Gardens, like gardeners, age and change with time. Unfortunately, the gardener’s ability to perform maintenance and the garden’s demand for it often greatly diverge. Many of the gardeners I meet in my job as a University of Georgia Cooperative Extension agent face challenges keeping things up as they grow older. Many eventually move to a different residence so that they have a smaller area to maintain, leaving behind years of hard work and memories.
Gardening is a beneficial activity, especially for seniors. It’s also an enjoyable form of exercise that helps maintain and build strength and mobility. Recent scientific studies show that even low to moderate levels of gardening help to reduce stress and anxiety levels.
Consider these adjustments to gardening to make it more manageable as the gardener ages.
Stretching before and after gardening can help keep a gardener’s best tool — the body — in working order. After stretching, begin the day with the more physically demanding tasks. Proper posture while bending; lifting with the legs, not with the back; and carrying materials close to the body will decrease the risk of injury. A physician may be able to recommend knee, wrist or elbow braces for troublesome joints.
Adding regular breaks or breaking up more strenuous tasks with lighter ones can keep fatigue and cramps away. I like to make lists of gardening tasks each weekend. I find this helps me stay on task and avoid wasted effort. I get satisfaction when I check things off my list, which keeps me from feeling overwhelmed by everything that seems to need attention.
The right tool for the job can make a noticeable difference in your body and your plants. Make a habit of regularly sharpening pruners and shovels to keep them in top working condition. Sharp pruners are less likely to leave uneven cuts, bruises and tears on plants, which will decrease stress and possible infection.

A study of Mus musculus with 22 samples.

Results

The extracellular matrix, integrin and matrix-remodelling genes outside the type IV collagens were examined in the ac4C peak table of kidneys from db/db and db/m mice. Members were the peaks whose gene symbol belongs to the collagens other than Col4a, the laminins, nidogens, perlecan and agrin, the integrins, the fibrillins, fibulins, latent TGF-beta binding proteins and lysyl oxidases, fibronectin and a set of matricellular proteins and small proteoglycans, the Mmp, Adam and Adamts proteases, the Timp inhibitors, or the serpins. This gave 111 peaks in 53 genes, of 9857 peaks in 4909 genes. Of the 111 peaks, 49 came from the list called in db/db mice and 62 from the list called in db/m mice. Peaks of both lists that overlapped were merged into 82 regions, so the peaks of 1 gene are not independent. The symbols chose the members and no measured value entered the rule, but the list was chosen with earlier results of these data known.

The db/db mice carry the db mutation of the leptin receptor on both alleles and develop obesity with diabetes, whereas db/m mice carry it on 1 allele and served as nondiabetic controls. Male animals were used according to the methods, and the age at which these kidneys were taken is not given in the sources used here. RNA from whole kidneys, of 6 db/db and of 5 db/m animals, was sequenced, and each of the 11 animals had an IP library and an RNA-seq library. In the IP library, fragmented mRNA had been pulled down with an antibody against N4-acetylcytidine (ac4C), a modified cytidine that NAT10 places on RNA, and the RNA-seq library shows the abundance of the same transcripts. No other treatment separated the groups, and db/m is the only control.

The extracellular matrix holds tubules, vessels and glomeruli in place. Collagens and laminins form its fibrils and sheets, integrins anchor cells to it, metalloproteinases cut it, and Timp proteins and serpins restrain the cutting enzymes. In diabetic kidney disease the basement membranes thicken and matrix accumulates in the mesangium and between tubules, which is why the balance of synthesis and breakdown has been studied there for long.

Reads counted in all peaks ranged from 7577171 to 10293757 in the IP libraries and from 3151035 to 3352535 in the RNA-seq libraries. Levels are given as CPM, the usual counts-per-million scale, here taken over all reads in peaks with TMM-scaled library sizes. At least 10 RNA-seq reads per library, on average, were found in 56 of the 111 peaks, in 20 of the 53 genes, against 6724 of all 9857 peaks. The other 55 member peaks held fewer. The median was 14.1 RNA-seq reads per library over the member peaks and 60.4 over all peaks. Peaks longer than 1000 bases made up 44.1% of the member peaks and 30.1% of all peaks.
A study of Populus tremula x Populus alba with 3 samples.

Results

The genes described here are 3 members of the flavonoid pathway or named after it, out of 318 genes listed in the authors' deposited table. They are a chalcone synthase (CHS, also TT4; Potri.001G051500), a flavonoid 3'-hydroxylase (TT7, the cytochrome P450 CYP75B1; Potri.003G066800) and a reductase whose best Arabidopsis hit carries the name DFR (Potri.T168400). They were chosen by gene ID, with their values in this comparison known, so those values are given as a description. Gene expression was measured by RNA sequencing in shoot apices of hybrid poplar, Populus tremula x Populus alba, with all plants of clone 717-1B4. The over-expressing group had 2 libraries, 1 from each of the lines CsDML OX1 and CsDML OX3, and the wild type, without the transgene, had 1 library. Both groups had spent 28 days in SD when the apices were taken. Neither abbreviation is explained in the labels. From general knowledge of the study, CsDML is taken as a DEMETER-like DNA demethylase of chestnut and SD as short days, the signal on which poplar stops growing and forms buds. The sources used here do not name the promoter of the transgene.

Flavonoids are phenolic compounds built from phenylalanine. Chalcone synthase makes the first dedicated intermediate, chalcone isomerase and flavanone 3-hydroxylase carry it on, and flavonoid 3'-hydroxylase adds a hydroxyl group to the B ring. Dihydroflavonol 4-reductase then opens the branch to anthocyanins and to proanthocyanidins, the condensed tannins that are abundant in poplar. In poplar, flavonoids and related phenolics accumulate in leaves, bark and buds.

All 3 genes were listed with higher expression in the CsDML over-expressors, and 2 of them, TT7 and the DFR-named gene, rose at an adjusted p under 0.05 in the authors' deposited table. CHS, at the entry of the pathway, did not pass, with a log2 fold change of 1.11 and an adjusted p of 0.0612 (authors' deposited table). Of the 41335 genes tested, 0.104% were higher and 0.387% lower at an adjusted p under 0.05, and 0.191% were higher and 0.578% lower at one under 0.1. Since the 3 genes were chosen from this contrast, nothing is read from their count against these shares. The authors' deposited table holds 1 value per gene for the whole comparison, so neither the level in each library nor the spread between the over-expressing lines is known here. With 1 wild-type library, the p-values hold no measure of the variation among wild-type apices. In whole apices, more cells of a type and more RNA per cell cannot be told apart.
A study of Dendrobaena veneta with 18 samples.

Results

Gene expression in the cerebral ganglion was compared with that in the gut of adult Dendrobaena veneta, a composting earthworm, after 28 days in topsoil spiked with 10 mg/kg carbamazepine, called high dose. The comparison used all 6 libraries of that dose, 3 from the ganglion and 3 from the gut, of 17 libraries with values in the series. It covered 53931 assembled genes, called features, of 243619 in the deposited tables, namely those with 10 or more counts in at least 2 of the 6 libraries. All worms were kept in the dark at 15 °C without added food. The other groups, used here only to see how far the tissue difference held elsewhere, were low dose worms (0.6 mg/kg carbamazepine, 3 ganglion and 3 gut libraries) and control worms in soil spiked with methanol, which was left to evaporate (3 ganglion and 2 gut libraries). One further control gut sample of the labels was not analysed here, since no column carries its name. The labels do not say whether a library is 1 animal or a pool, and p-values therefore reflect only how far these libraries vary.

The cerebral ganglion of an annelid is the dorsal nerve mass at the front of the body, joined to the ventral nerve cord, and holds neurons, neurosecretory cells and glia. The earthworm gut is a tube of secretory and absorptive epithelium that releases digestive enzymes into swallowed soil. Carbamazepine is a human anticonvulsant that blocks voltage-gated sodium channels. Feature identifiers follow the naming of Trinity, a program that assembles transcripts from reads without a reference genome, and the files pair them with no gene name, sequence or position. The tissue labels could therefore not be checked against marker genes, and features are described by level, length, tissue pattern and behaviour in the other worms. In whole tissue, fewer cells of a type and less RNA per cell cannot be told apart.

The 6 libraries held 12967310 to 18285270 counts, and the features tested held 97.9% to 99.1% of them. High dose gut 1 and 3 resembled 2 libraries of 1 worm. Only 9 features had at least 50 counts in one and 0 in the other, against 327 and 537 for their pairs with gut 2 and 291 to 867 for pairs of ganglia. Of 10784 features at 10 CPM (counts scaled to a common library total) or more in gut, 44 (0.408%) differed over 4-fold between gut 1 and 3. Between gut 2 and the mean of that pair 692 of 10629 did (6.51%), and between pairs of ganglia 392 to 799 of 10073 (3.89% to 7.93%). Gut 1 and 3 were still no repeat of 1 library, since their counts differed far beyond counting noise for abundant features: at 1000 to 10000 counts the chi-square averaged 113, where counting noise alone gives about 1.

Make sure to match the size of the tool to the job, but most importantly, to your body. I have a construction-style shovel with a heavy steel handle that I am certain could withstand being run over by a dump truck. It is a great tool for breaking through the heavy clay, but it’s not what I use for lighter, repetitive work, like turning compost or spreading wood chips. A number of tool companies sell ergonomic tools that are designed to work with our bodies and joints in mind. Many tool companies also make tools with longer handles.
Adaptations to existing tools can reduce the amount of strain on your body. Wrists are strongest and under the least amount of strain when they’re in the neutral position, or in line with the forearm with the thumb up. To maintain this position while gardening, add after-market, pistol-grip handles to your hand tools. D-shaped handles can be added to the midpoint of tool handles, like shovels and forks, to make them easier to use. Rubber grips or pipe insulation can be added to handles to make them easier to grip.
The design of a garden or landscape can be improved to increase access and reduce maintenance demands for older gardeners. Wide paths with firm foundations will improve access and reduce potential tripping hazards.
Plant annual flowers and vegetables in containers near the home or use raised garden beds, which are great for all ages, especially aging gardeners who still crave homegrown veggies. Recommended heights for raised beds range from 24 to 30 inches, depending on the gardener’s physical ability.
Proper plant selection can also make the aging process easier for gardeners. Perennials, while much easier to care for than annuals, require a fair amount of seasonal upkeep. Consider replacing them with a flowering shrub, evergreens or ornamental grasses for ease of maintenance. When a replacement option is not obvious, it may be better to simply remove some plants. I have seen many gardens that spill over with plant material. Negative space will make maintenance easier and highlight the remaining plants.